Russia warns it will see any incoming missile as nuclear


MOSCOW – Russia will perceive any ballistic missile launched at its territory as a nuclear attack that warrants a nuclear retaliation, the military warned in an article published Friday.

The harsh warning in the official military newspaper Krasnaya Zvezda (Red Star) is directed at the United States, which has worked to develop long-range non-nuclear weapons.

The article follows the publication in June of Russia’s nuclear deterrent policy that envisages the use of atomic weapons in response to what could be a conventional strike targeting the nation’s critical government and military infrastructure.

In the Krasnaya Zvezda article, senior officers of the Russian military's General Staff, Maj.-Gen. Andrei Sterlin and Col. Alexander Khryapin, noted that there will be no way to determine if an incoming ballistic missile is fitted with a nuclear or a conventional warhead, and so the military will see it as a nuclear attack.

“Any attacking missile will be perceived as carrying a nuclear warhead,” the article said. “The information about the missile launch will be automatically relayed to the Russian military-political leadership, which will determine the scope of retaliatory action by nuclear forces depending on the evolving situation.”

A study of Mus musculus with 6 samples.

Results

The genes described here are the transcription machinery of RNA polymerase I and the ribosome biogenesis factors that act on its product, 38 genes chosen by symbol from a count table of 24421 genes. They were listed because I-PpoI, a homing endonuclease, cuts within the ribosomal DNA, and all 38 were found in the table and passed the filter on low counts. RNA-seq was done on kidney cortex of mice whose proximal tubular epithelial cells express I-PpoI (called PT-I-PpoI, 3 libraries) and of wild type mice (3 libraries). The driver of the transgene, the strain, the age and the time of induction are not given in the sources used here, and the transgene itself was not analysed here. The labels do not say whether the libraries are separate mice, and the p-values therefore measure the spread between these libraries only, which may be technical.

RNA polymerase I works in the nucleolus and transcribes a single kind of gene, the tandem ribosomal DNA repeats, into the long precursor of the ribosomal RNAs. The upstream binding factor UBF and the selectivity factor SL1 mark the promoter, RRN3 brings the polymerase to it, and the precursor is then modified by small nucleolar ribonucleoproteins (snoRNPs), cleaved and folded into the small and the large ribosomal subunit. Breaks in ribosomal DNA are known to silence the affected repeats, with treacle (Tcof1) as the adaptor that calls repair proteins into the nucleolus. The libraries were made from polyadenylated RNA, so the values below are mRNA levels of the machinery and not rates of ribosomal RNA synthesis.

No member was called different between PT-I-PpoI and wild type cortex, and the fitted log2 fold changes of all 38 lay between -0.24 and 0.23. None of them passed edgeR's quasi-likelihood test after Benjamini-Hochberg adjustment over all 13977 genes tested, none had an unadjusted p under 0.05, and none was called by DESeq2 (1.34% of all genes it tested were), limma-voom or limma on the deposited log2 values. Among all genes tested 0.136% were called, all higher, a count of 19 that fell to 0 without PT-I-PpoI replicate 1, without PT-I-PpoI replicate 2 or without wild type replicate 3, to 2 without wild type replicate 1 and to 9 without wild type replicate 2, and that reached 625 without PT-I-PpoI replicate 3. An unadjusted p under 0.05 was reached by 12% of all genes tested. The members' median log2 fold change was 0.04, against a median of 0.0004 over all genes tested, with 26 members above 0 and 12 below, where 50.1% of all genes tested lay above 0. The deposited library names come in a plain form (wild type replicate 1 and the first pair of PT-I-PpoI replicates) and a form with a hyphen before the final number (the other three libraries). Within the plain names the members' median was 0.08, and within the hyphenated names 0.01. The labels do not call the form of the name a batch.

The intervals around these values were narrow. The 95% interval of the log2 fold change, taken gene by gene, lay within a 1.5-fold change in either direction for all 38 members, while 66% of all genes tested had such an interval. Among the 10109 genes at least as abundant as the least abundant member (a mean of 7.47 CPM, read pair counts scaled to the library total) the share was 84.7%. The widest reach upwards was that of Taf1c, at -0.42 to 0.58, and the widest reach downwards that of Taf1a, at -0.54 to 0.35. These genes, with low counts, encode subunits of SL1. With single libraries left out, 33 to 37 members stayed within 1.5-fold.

The argument reflects Russia's longtime concerns about the development of weapons that could give Washington the capability to knock out key military assets and government facilities without resorting to atomic weapons.

In line with Russian military doctrine, the new nuclear deterrent policy reaffirmed that the country could use nuclear weapons in response to a nuclear attack or an aggression involving conventional weapons that “threatens the very existence of the state.”

The policy document offered a detailed description of situations that could trigger the use of nuclear weapons, including the use of nuclear weapons or other weapons of mass destruction against Russia or its allies.